Original U.S. WWII British RAF Type D Flying Helmet With Goggles and Photo of Pilot - Captain Robert John Fuller, 79th Fighter Group, 86th Fighter Squadron
Original Items: Only One Group Available. Now this is a fantastic flight helmet grouping. The grouping belonged to Captain Robert John Fuller of the 86th Fighter Squadron under the 79th Fighter Group. The squadron was first activated shortly after the United States entered World War II as the 86th Pursuit Squadron. As the 86th Fighter Squadron It saw combat in the Mediterranean Theater of Operations and earned two Distinguished Unit Citations. After the end of the war it became an element of the occupation forces until returning to the United States, where it was inactivated in 1947.
The Items In This Lot:
- Modified British WWII RAF Type D Flying Helmet With Goggles: This is a very interesting piece. The flight helmet is an original British Type D “Tropical” which was utilized by Captain Fuller and can be seen with it in the original photo accompanying the group. The headphones/ear cups appear to have been removed from an American A-11 flight helmet which were cut to shape and sewn to the helmet. The avionics were better reinforced with a piece of plexiglass on each side as well as a rubber buffer to mitigate any movement. The overall condition of the helmet is as expected, well worn with staining but is presented without any extensive damage. The chinstrap is still present and the oxygen mask snap buttons on the helmet are oxidized from age, so if you wish to properly attach the mask they would need to be cleaned. The goggles are an early war tear drop example in remarkable condition for the age.
- A-10 Oxygen Mask Dated 1943: A lovely example with signs of moderate use without any extensive damage. The plus and hose are still solid and undamaged.
- 79th Fighter Group Book
- High Quality 86th Fighter Squadron Painted Patch By RKO Movie Studio: A fantastic reproduction of a rather rare squadron patch. The patch features an image of a Native American flipping the middle finger while standing on a cloud with a bloody tomahawk in hand.
- 3 ½” x 2 ¾” Photograph: The photograph is of Captain Fuller standing on a grass airfield wearing the same helmet, goggles and mask that are featured in this grouping.
- Letter From Daughter: She states in the letter that the helmet grouping is the same featured in the photo. She also talks about how he was awarded the Distinguished Flying Cross with 7 Oak Leaf Clusters. At the bottom she says she has a photo (not present) of General James Doolittle pinning the DFC on Captain Fuller in Tunis.
A lovely grouping that comes more than ready for further research and display.
The squadron was first activated in early 1942 at Dale Mabry Field, Florida as the 86th Pursuit Squadron, one of the original three squadrons of the 79th Pursuit Group. Its initial cadre was drawn from the 56th and 81st Fighter Groups. The squadron was redesignated the 86th Fighter Squadron in May 1942. The unit trained in the United States, then moved to Egypt by sea via Brazil in October–November 1942, where it became part of Ninth Air Force.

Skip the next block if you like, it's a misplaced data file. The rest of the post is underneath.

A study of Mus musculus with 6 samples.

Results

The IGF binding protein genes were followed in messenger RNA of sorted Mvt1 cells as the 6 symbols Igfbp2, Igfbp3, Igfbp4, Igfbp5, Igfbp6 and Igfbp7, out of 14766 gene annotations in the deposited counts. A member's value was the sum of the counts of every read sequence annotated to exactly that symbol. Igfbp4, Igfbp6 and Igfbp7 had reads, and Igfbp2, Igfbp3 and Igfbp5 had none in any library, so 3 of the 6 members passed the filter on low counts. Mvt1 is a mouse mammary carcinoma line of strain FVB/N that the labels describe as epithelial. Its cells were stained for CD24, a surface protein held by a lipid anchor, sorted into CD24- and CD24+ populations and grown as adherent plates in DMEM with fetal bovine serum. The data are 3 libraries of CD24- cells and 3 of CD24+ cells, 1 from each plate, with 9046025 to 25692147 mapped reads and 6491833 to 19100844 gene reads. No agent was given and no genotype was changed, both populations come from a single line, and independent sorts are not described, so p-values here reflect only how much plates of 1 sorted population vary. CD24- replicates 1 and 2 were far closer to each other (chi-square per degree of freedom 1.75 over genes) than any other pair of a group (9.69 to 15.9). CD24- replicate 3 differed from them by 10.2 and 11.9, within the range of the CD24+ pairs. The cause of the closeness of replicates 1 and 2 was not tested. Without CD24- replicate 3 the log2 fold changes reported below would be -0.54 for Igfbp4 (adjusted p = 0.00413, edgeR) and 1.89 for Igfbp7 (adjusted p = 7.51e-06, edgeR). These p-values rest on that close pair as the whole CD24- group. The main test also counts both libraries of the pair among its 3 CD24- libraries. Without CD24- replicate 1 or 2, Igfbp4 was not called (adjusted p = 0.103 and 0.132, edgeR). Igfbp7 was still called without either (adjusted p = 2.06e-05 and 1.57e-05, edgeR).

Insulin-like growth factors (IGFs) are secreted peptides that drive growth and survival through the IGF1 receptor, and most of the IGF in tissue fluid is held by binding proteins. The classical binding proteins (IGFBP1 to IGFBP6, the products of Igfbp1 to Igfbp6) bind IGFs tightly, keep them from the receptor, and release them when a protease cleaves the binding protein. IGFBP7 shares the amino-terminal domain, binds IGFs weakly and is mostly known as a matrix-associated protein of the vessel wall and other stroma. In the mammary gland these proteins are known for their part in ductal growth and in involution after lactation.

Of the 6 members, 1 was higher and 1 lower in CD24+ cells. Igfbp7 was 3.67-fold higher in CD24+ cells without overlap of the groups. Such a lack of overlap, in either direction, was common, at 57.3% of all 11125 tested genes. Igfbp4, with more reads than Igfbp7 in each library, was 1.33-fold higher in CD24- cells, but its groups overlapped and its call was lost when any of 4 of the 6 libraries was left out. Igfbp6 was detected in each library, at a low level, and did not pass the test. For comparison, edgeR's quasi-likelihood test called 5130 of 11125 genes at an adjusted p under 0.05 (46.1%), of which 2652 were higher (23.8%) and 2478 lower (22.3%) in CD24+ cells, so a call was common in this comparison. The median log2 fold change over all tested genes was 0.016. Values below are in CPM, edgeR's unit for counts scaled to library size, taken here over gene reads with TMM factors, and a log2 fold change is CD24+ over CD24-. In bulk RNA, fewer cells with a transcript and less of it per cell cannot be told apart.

The squadron trained with P-40 Warhawks while moving westward in the wake of the British drive across Egypt and Libya to Tunisia. By escorting bombers, attacking enemy shipping, and supporting ground forces, the 86th took part in the Allied operations that defeated Axis forces in North Africa, captured Pantelleria, and conquered Sicily. The squadron was awarded a Distinguished Unit Citation (DUC) for its support of British Eighth Army during that period, March–August 1943.
The squadron became part of Twelfth Air Force in August 1943 and continued to support the British Eighth Army by attacking troop concentrations, gun positions, bridges, roads, and rail lines in southern Italy. It operated in the area of the Anzio beachhead from January to March 1944. The unit participated in the drive on Rome from March to June 1944, and converted to P-47 Thunderbolts during that time. It flew escort and strafing missions in southern France during August and September 1944, and afterward returned to Italy and engaged in interdiction and close air support operations in northern Italy. The 86th received a second DUC for numerous missions flown at minimum altitude in intense flak to help pierce the enemy line at the Santerno River in Italy in April 1945. Squadron pilots were credited with twenty-eight victories over enemy aircraft during World War II.
The squadron remained overseas as part of United States Air Forces in Europe after the war as part of the occupation forces. It was transferred, without personnel and equipment, to the US in June 1947 and inactivated on 15 July 1947.